Nearly 2,000 parents and children gathered inside the Capitol Building in Indianapolis on Monday, March 4, making the Parental Rights Rally the second largest in the history of the state.
As the parental rights bill came under increased attack, the Indiana Association of Home Educators and Home School Legal Defense Association worked together to quickly organize a rally for the following week.
On the day of the rally, home schooling families began arriving in Indianapolis from all over the state. The crowd in the capital spilled over from the main hall into the upper balconies and stairways, squeezing in to hear Christopher Klicka and several state legislators speak about parental rights. After the rally, children delivered stuffed animals to each legislator. Every animal wore a tag around its neck which read, "Dear Representative/Senator, My parents know best." All tags were signed by the children who donated the animals.
Although the rally was covered by many local television stations and newspapers, it was given only the barest notice in the largest Indiana paper, the Indianapolis Star, which has been running articles featuring the Indiana state Teachers Association's opposition to the PRA. Indiana parents continue to lobby their state representatives in hopes that the PRA will come up again in the next legislative session. They hope repeated positive contact will convince legislators that parents really do "know best."
[CAPTION] Several state legislators spoke on behalf of the PRA, including Rep. Padfield, Rep. Denbo, and Senator Ford. But the best advocates were the home schooled children.
[CAPTION] The parental rights rally ranked as the second largest rally in the history of the state. (And we think it's a fair guess that it ranked number one in child participation!)
[CAPTION] This stuffed animal was left on a legislator's desk by a home schooled child.
[CAPTION] Home schoolers packed the balconies of the Capitol building.
H.B. 1346: The Outcome
Indiana went on a roller-coaster ride in February and March, as home schoolers went into a pitched battle against the Indiana State Teachers' Association, Planned Parenthood, and the rest of Hillary Clinton's "village people." In November 1995, a Marion County Superior Court judge ruled that parents have no fundamental Fourteenth Amendment right to direct the secular education of their children. This ruling undercuts the constitutional basis for home schooling, and turns the right to educate children at home into a government privilege. Indiana home schools are treated as nonaccredited private schools, but this court ruling would subject that status to the whims of the legislature.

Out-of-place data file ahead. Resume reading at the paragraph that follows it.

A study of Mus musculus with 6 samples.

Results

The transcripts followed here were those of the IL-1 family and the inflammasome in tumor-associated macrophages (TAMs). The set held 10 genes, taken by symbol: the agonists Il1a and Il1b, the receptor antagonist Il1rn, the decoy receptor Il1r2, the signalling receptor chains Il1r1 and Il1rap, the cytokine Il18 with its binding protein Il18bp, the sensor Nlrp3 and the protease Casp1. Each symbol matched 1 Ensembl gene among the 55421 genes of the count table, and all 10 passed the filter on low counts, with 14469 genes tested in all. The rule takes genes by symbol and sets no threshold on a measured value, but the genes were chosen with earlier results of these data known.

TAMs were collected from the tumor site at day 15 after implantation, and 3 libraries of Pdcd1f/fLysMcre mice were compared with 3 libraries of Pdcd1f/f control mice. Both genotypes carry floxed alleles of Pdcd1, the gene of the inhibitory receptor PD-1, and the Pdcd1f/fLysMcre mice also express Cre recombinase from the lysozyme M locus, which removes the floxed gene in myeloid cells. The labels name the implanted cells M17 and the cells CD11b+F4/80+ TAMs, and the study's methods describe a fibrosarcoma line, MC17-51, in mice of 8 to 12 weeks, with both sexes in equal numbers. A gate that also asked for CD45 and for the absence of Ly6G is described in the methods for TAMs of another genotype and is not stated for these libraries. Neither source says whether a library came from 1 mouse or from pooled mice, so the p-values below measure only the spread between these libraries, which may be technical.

Home schoolers fought back in a massive rally at the Indiana state capitol on March 4, 1996. Close to 2,000 people gathered to ask their legislators to send a strong signal in favor of parental rights by supporting House Bill 1346. This legislation would guarantee that parents have the fundamental right to direct the upbringing of their children and guarantee parents certain due process rights during child welfare investigations.
The size of the crowd set records and made a significant impact on the entire legislature. The legislature was supposed to wrap up its business some forty-eight hours after the rally, but the battle over parental rights dragged the session out for the rest of the week. Although H.B. 1346 passed, the section declaring "parents have a fundamental right to direct the upbringing of their child" was deleted. Senator Howard Luke Kenley [R-20th], who claims to be a pro-family conservative, singlehandedly forced the removal of the parental rights language. The Indiana State Teachers Association hotline message has been thanking Senator Kenley for stopping the parental rights bill.
Home School Legal Defense Association's Michael Farris, Christopher Klicka, and Scott Somerville all worked together to try to help Senator Kenley and other legislators understand the constitutional dimensions of parents' rights, and to help draft constitutionally appropriate language protecting parents' rights. Even through the parental rights language was removed from H.B. 1346, the House and Senate did pass it in an amended form. As now written, it trims back the child abuse investigations, puts some teeth in the laws against false and malicious child abuse reports, and sets up a study committee to document how parental rights are being trampled in Indiana. A special thanks goes to Representative John Padfield who led the charge for parent's rights.
The net result? "A first down, not a touchdown." Parents are better off than they were, but there is still a long way to go. The Indiana Association of Home Educators and the Home School Legal Defense Association are committed to continuing this battle—even though it will mean direct confrontations with the teachers' unions—until parents' rights are clearly recognized under Indiana law.